Dallas — Where there’s smoke, there’s fire—and there’s plenty of both in Kitchen Dog Theater’s warm-hearted regional premiere of Melissa Ross’ comedy-drama Thinner Than Water. Three grown half-siblings—two sisters and a brother—gather near, but not too near, the bedside of the bad Dad who abandoned them. He’s dying of lung cancer, but in a sure sign of the mess he’s left behind, all his grown kids are smokers, too. Dad didn’t give a damn about us, those ciggies say with a tiny burn of intensity, so why should we? Let the fireworks begin.
With Thinner Than Water, intelligently directed by KDT’s co-artistic head Christopher Carlos at the McKinney Avenue Contemporary, playwright Ross faces a real problem: how to make this dysfunctional family show the audience something we haven’t seen before. Because Tolstoy had it wrong, you know: unhappy families are much alike, too, with Dads who leave, Moms who (maybe) should, and kids who spend a lifetime trying to pick up the pieces. Ross can’t make us forget we’ve been over this theatrical ground before; but to her credit, she draws characters so specifically, and with such a sympathetic eye, that we’re roped into caring almost against our will.
This isn’t a cartoon family: each of the messed-up “kids” has flaws, but also people in their lives who see the good stuff, even when they can’t. It’s a mess, and there’s plenty of screaming, cursing and yelling—but we find ourselves rooting for this motley crew. Ross has an easy way with a laugh line and with noisy, argumentative scenes, and her blunt language fits these workaday people. But she also writes focused and quieter scenes that let each of the siblings be the “star” of their own individual story—and let us know them better.
They share a father but have three different mothers, and that’s how the oldest, Renee (Kitchen Dog artistic director Tina Parker), defines them: as children of “the hot mom, the fat mom, and the pain in the ass mom.” Renee’s bitterness—she’s old enough to remember more than the others—runs deep. She’s spent a lifetime chewing over the disappointments and heartbreaks, and has never let Dad get near enough to her own kids to hurt them, too. Mouthy and sarcastic, Parker finds the humor in Renee’s utter inability to lighten up. She’s the classic, conflicted oldest girl, who wants to be in charge of everything, but hates and resents the burden. Vowing to aim for an “amazing” marriage, she’s finding disappointment there, too, though husband Mark (Jeremy Schwartz in a fine, wryly funny turn) seems like a kindred spirit. Before it’s too late, can she find a way to break Dad’s pattern—and stop pushing away the people she loves most?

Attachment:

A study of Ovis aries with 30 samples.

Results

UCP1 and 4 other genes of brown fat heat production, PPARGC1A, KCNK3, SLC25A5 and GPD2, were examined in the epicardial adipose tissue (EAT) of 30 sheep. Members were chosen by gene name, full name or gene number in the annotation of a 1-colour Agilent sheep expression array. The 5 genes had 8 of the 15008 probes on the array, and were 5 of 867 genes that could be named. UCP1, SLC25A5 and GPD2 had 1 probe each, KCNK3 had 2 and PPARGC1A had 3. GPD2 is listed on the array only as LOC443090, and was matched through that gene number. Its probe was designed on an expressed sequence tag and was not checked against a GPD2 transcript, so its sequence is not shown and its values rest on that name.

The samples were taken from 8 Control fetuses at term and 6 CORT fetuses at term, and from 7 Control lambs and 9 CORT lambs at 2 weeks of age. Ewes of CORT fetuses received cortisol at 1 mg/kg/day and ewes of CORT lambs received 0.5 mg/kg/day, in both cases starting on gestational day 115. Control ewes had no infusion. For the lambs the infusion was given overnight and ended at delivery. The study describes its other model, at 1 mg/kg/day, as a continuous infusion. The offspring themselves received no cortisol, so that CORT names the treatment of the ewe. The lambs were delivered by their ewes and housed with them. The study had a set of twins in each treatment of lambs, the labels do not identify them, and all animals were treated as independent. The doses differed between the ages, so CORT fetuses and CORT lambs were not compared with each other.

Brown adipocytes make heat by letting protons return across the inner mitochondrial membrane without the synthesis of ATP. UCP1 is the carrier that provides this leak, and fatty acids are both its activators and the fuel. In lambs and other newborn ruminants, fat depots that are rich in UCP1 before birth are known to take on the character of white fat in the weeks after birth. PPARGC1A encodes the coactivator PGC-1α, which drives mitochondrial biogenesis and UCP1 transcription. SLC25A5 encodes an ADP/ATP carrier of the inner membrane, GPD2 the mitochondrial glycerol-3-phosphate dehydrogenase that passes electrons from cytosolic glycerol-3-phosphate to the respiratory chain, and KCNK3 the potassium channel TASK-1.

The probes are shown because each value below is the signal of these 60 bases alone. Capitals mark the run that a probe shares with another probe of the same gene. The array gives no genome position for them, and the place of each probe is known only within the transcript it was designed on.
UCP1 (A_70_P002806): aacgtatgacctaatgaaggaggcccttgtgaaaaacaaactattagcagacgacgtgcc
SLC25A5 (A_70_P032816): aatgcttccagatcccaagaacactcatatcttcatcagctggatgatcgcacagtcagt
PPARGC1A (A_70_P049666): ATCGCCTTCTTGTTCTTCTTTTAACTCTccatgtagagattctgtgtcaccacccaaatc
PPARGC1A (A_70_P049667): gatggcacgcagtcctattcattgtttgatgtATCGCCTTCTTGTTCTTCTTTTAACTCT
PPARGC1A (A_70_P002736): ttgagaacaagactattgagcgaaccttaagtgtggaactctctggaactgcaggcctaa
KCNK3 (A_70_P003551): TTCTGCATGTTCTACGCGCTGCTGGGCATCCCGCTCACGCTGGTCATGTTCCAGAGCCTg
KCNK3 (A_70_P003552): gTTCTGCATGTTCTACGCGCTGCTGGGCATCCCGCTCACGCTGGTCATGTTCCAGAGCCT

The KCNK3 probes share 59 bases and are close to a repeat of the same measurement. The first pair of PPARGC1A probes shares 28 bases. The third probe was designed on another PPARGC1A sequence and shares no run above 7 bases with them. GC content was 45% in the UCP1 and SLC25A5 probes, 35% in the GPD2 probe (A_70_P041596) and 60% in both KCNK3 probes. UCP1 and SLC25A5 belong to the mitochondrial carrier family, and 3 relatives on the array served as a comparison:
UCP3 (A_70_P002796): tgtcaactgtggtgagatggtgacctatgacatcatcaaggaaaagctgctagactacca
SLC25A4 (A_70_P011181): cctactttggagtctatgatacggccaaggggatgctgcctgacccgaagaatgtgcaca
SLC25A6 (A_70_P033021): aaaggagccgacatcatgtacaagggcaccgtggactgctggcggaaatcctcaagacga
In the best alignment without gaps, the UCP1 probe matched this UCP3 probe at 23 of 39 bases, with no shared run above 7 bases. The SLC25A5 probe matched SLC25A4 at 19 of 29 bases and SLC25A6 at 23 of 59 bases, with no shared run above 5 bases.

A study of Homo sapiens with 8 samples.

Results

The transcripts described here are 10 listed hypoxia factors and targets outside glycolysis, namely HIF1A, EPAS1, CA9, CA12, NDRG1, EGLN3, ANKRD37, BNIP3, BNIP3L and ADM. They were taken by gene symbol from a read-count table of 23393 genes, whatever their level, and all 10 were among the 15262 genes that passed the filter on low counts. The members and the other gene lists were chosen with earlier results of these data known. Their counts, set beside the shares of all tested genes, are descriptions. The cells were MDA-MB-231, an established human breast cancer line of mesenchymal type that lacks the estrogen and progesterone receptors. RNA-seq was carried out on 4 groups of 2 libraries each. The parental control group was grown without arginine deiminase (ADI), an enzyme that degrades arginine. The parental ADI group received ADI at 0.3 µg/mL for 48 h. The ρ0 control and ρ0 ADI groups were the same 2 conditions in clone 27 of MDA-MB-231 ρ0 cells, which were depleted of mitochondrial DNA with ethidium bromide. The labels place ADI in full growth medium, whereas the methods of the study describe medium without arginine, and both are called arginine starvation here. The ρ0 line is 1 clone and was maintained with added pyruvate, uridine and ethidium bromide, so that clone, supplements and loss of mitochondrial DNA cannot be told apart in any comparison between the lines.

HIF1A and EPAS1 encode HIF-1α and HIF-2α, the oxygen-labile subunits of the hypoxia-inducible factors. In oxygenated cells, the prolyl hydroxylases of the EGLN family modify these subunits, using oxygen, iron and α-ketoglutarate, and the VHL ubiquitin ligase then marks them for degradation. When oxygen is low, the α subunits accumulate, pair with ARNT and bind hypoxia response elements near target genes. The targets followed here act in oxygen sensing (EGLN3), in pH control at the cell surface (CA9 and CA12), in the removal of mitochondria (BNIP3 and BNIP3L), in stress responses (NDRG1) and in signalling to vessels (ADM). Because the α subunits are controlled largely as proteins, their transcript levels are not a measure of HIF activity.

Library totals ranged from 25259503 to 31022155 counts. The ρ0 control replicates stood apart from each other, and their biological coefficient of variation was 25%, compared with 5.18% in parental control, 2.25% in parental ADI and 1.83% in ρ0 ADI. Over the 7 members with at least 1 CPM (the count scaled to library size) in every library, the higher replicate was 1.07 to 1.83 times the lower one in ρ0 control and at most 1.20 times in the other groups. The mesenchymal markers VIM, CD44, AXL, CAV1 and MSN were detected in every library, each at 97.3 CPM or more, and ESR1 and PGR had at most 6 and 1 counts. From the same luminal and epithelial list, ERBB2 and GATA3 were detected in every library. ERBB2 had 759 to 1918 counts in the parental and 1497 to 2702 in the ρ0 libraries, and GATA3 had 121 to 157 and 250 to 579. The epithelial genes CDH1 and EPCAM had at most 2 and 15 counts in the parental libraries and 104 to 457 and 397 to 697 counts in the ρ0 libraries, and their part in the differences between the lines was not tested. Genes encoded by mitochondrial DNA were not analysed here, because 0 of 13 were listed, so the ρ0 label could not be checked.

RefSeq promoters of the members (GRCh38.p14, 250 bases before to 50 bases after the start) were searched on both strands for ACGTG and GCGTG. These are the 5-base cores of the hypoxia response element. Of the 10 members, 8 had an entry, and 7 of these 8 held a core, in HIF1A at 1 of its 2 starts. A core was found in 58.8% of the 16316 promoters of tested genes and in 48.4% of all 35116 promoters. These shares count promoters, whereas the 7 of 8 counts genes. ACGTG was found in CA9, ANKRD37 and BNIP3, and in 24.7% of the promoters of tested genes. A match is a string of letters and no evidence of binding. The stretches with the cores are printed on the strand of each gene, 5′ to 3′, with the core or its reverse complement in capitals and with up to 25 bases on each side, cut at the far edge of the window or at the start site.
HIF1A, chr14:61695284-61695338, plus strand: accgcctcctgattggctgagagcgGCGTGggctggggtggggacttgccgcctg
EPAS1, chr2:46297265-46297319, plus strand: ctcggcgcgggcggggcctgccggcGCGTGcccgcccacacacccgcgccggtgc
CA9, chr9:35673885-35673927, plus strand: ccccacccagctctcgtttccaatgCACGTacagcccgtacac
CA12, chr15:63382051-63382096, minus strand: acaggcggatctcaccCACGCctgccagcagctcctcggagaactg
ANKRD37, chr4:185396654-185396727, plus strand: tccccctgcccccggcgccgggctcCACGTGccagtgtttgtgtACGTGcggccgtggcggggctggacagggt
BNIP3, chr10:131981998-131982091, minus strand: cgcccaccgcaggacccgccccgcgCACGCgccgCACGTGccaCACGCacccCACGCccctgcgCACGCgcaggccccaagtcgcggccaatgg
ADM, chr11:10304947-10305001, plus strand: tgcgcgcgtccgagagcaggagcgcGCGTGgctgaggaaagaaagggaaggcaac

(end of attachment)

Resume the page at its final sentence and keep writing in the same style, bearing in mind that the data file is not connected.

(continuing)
Brother Gary (Clay Yokum) is meeting a young mom at the coffee shop to see if she’ll take him on as her fatherless son’s Big Brother. Brisk Angela (Kenneisha Thompson) has him pegged right away: he’s basically honest, “but a little fucked up.” Gary works at a comic-book store with his slightly hyper colleague Benjy (an amusing Drew Wall), and has been “saving” for his mythical future life by living in his Mom’s garage…for the past 15 years. Yokum is oddly charming as That Guy You Shouldn’t Date—the one who never answers his cell phone and says “I’m sorry” a lot. Thompson’s role is a bit overwritten, perhaps, but she’s pretty funny telling Gary what might happen if he doesn’t come through for her boy. Somehow, we know Gary will need a second chance—but will he get it?
Lately, Gary’s been sharing the garage with his other half-sister Cassie (Liza Marie Gonzalez), the pretty baby of the family, who’s temporarily broken up with lawyer boyfriend Henry (Jamal Gibran Sterling gives him a gentle, sadly wise appeal). Clearly, Henry is the nicest guy in the world. Cassie misses him, Henry misses her—even the dog misses her—but in the fine old family tradition, she’s halfway out the door. Cassie is, to put it mildly, scattered, and Gonzalez makes her journey toward a less “flaked out” life both funny and exasperating (depending on your history with baby sisters, of course). Will anyone help this girl find some direction in life—or at least teach her to use the organizer on her phone?
The trio is called to the hospital by Dad’s girlfriend Gwen (Angela Wilson), a woman none of them have met. Gwen comes across as a lonely chatterbox at first, but shows a healing spirit as she reaches out to each of these wounded spirits—even harsh Renee. Wilson gives a sweet, funny performance that makes an outsized impact as the story moves along.
The designers firmly anchor this play in the real, even to the awful glare of a hospital waiting area (Lisa Miller designed the lighting). Sound designer John M. Flores comes up with intercom announcements, whiny dogs and evocative songs—and the real rain falling in Renee’s living room (her roof leaks; it’s a metaphor) feels like a joint effort from both sound and technical designers…and maybe a plumber, too. Korey Kent’s best costume is Cassie’s rumpled street-pajama ensemble, and Jen Gilson-Gilliam’s props add telling notes: watch as crumpled tissues pile up under Gwen’s chair in the waiting room.
Clare Floyd DeVries’ inventively crowded set—at least six vividly realized locations co-exist onstage—is part of the “life is messy” theme of Thinner Than Water. Like all of us, every character in this play has a lot going on—“you know…stuff!” says Gary, explaining why he’s too busy to help Dad—and there’s really no time for a death in the family. But death has an insistent way of knocking plans, deadlines and futures off the rails—and, sometimes, sending the living off in new directions.
In a noisily comic vein, Ross is asking very modern questions about the kind of families we know (or are) today. A family, she seems to say, is a family if people want it to be. And it doesn’t matter, once those choices have been made, whether the actual connections are thick with the shared blood of generations…or thinner than water.